THE FIRST CAR RACE
The first trial racing took place in 1891 by John Lambert and thereafter the Duryea brothers followed John Lambert's trial. In June 1895 the first ever motor car race took place in Chicago. Though it was regarded as a race, but it was more of testing man-made vehicles. In 1895 gasoline-powered autos just began to make their debut in racing. In the race there was a criteria, the vehicles should have at least three wheels and could carry two people and a driver and an umpire seating in a car, were selected by judges to make sure that the driver was not cheating.
The length of the racecourse route was about 54 miles from Jackson Park in Chicago to Evanston and back. The race was scheduled on Thanksgiving Day, November 28 1895. The big day was welcomed by a snowfall which made the roads slippery. It was a terrifying for the drivers to control the cars as they were without roofs. Only six cars were at the starting line. Out of the six cars, two were electric and battery operated vehicles, manufactured by the German maker Benz, and three vehicles manufactured by American Frank Duryea were gasoline-powered. Due to extreme climatic conditions and extremely poor road visibility four out of six cars had to drop out.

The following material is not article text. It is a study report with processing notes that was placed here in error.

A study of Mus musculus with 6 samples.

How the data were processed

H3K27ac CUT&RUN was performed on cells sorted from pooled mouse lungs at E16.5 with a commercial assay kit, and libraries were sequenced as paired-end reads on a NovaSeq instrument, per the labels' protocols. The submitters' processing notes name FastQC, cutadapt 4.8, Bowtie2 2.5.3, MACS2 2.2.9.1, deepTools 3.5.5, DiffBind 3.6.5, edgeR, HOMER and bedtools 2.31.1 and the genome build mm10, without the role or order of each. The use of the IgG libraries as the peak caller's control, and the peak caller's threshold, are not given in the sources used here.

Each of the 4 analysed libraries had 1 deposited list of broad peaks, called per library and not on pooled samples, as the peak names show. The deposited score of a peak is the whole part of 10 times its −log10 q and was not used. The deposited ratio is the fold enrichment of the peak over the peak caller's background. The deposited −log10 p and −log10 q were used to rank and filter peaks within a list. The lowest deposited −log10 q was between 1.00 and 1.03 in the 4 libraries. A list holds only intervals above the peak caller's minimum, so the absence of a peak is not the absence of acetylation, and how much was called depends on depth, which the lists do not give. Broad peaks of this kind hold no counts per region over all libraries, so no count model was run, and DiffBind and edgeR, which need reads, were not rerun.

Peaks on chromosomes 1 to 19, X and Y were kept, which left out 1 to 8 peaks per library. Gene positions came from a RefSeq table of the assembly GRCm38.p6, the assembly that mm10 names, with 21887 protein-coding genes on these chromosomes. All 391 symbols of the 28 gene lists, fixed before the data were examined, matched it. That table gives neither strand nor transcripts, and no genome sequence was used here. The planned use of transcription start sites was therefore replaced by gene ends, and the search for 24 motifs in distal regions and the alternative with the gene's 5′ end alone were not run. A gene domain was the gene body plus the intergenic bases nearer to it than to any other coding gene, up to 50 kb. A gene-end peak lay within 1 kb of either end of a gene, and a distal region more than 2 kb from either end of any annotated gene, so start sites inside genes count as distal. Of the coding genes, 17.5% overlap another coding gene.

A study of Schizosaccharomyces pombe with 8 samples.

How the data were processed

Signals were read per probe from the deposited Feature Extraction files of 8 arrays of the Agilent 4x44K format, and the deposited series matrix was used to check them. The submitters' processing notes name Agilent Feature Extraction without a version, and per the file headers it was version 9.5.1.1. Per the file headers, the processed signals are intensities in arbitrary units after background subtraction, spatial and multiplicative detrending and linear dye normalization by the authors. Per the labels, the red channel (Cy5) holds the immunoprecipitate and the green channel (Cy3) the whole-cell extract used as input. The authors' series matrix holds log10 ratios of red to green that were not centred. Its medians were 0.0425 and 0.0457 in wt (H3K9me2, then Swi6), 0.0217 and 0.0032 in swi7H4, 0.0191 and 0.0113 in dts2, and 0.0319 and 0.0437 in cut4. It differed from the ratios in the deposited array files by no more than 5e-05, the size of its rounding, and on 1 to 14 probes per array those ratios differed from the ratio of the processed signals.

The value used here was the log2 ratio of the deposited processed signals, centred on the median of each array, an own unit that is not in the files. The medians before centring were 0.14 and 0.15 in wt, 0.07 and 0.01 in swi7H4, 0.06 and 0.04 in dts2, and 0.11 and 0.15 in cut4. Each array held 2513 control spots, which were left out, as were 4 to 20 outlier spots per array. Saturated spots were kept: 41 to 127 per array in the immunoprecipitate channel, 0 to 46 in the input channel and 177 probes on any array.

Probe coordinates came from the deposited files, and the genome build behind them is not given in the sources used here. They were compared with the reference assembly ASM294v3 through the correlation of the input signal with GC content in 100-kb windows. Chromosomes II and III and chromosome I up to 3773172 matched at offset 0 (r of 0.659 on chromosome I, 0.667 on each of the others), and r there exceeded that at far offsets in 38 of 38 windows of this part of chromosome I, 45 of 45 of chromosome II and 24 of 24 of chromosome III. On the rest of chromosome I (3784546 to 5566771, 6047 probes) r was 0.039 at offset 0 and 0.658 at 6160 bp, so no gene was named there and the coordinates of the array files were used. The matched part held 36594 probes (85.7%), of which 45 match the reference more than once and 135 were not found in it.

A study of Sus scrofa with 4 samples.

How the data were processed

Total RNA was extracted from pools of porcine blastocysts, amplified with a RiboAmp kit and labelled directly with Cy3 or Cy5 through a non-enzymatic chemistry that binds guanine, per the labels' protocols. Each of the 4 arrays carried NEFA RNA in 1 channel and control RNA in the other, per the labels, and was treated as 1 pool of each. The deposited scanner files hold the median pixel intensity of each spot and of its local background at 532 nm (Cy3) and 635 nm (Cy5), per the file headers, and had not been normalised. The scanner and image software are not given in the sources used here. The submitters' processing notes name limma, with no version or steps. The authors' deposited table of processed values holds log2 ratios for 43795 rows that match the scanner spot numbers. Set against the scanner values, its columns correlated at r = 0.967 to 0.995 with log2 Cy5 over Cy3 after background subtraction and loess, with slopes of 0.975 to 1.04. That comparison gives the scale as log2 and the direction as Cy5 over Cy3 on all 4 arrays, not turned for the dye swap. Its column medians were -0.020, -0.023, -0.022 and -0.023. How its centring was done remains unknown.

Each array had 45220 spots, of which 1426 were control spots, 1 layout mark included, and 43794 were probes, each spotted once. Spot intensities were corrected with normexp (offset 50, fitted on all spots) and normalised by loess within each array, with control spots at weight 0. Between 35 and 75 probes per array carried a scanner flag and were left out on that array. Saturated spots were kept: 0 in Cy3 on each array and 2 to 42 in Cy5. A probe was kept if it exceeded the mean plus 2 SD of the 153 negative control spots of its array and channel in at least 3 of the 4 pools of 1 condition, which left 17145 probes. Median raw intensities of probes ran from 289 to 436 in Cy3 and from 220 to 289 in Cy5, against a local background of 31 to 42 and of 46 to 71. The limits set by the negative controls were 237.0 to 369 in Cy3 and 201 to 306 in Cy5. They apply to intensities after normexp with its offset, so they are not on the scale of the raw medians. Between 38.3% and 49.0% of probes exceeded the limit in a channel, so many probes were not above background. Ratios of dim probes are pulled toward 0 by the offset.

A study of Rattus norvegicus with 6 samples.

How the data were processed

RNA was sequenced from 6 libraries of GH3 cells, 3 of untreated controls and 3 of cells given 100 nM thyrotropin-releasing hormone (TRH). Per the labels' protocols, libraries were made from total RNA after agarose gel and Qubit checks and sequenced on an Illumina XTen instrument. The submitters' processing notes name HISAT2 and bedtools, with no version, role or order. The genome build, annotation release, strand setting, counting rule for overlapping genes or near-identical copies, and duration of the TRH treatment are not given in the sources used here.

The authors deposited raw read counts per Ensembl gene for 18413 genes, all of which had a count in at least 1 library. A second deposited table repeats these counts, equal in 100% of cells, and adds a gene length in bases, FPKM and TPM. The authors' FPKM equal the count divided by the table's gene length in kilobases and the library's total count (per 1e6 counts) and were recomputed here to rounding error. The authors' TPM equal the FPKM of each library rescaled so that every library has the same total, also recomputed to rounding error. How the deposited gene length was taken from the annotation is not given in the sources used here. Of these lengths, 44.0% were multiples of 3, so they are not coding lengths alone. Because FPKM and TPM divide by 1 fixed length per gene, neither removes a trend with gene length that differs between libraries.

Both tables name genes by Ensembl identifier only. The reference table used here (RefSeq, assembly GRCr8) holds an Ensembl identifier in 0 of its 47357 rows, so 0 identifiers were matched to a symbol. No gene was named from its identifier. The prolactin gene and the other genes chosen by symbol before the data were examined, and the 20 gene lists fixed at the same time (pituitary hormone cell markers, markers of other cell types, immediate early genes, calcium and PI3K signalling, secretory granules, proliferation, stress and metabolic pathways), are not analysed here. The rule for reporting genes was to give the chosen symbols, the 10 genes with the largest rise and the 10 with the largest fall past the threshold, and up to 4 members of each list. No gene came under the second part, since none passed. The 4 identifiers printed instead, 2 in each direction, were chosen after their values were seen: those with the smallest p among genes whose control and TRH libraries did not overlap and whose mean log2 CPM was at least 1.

Frank Duryea took nine hours to win the first place, topping a high speed of 7.5 miles per hour. The last car won the second place which rolled in after two hours.
Duryea won the prize money of $2,000 for beating the famous Benz automobile. With the prize money, he started the first Duryea Motor Wagon Company and became the first manufactures of gasoline-powered automobiles.
Thus the arena of automobiles racing started, which is now a big popular event and big money spinner.